Board Books: Rhyme & Rhythm
You don’t have to be a poet to know the fun of rhyme and rhythm. Nursery rhymes tap into this good time, which may, in part, explain their longevity. We like sounds that “strike and chime and slide by each other,” writes poet Frances Mayes. “We respond to the here-it-comes again refrain.” Rhyme and repetition also stamp something into memory.
When a poet friend of mine heard I had a newborn, he said, “They’re little sponges. Why not read poems to him? The ear loves good rhythm and rhyme.”
By Marilyn Janovitz
If you don’t think your little one is ready for Emily Dickinson’s “An Awful Tempest Mashed the Air,” (it’s a beautiful poem, though), why not try Marilyn Janovitz’ Baby Baby Baby!
Janovitz invites not only a rhythm and rhyme scheme but tons of alliteration:
“Bitsy bouncy baby/ On a bumpity lap/ Mommy’s little baby likes to/ CLAP CLAP CLAP!” Or “Rub-a-dub baby/ In a bubbly bath/ Grandma’s little baby likes to/ Splish Splish Splash!”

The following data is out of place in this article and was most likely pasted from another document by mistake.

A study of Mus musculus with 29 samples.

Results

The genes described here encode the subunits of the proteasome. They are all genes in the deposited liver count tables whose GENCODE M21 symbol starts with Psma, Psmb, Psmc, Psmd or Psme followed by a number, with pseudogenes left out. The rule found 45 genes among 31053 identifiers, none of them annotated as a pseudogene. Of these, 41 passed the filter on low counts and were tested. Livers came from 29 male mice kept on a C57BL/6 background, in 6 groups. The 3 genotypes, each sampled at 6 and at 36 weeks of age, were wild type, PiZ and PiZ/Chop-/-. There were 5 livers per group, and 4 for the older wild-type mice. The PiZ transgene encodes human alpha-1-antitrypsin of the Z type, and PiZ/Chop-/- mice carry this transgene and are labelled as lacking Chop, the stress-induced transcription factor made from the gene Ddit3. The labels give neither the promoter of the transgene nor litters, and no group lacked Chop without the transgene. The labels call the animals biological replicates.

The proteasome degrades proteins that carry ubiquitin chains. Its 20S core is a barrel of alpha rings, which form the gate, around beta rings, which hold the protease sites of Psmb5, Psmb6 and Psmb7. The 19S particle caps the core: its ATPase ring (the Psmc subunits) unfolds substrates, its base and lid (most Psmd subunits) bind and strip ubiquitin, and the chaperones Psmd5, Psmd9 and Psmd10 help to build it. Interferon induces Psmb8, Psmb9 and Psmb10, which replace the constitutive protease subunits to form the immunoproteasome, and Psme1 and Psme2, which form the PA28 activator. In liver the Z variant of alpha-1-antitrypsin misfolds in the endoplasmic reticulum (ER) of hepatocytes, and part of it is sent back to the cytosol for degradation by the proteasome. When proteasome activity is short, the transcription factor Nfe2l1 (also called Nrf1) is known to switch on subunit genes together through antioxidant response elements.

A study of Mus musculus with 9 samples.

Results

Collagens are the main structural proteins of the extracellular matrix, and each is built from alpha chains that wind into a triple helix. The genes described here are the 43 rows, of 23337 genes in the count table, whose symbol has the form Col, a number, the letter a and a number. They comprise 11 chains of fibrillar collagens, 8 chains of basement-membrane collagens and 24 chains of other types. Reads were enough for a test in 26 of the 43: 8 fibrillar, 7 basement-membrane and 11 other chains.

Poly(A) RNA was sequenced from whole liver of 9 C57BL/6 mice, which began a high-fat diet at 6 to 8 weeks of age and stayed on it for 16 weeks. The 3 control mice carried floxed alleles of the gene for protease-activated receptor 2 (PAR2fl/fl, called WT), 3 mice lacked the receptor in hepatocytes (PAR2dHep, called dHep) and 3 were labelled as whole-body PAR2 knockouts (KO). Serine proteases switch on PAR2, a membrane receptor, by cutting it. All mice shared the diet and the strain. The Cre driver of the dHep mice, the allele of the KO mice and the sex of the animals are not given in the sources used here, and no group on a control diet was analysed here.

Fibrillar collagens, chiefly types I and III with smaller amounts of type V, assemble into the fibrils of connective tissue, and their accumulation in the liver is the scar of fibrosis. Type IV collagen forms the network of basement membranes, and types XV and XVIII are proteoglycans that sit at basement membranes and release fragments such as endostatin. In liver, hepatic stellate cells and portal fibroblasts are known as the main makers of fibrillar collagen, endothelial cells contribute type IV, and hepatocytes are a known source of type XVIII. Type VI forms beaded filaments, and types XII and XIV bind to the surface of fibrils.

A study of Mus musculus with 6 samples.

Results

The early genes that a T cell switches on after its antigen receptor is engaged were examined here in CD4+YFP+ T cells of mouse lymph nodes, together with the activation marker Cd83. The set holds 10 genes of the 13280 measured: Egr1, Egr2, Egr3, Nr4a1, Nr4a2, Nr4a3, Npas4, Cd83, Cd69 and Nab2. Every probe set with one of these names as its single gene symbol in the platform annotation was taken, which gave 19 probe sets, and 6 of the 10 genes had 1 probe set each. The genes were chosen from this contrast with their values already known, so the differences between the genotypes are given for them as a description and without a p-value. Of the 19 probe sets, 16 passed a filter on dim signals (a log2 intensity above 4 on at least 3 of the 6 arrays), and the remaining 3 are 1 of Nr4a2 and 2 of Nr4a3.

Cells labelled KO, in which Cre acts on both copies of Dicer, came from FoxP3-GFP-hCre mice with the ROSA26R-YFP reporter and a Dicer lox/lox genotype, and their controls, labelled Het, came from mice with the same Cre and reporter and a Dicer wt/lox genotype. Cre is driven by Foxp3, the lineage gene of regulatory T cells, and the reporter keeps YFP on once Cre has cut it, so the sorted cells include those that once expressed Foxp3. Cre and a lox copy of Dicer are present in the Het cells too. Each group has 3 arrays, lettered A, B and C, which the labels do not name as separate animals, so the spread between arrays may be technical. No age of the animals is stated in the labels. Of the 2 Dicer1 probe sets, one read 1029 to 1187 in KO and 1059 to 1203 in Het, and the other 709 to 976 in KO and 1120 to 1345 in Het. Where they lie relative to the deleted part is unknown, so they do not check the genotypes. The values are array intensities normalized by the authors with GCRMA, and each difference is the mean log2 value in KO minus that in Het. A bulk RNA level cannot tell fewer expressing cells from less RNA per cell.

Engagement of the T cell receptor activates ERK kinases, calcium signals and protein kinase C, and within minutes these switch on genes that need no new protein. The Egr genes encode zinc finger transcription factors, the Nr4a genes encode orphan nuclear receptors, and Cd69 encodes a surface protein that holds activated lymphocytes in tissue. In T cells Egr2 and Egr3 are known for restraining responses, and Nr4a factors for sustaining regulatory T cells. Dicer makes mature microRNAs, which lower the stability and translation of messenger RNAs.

This is a book you won’t mind reading over and over. By the last page, you’re either singing it and/or drumming your fingers on the board pages and bouncing baby on your lap. (Ages 1-3)
By Salina Yoon
Salina Yoon has taken the classic nursery tale, One, Two Buckle My Shoe, and turned it modern with bright colorful pictures and interesting cut-outs that transform into a picture. For instance, for “Two,” there’s a cutout of a square, which allows you to see blue and red and two yellow circles. Turn the page to “Buckle my shoe” and the previous fragment is now a large shoe. The six stars shown for “Six” changes into an elephant’s blanket. (Ages 0-3)
The poet Gerard Manley Hopkins said, “Read with your ears.” These two books make sure that you do.
Nina Schuyler‘s first novel, The Painting, (Algonquin Books of Chapel Hill/2004), was a finalist for the Northern California Book Awards. It was also selected by the San Francisco Chronicle as one of the Best Books for 2004 and a “Great Debut from 2004” by the Rocky Mountain News. She currently teaches creative writing at the University of San Francisco and is working on a third novel.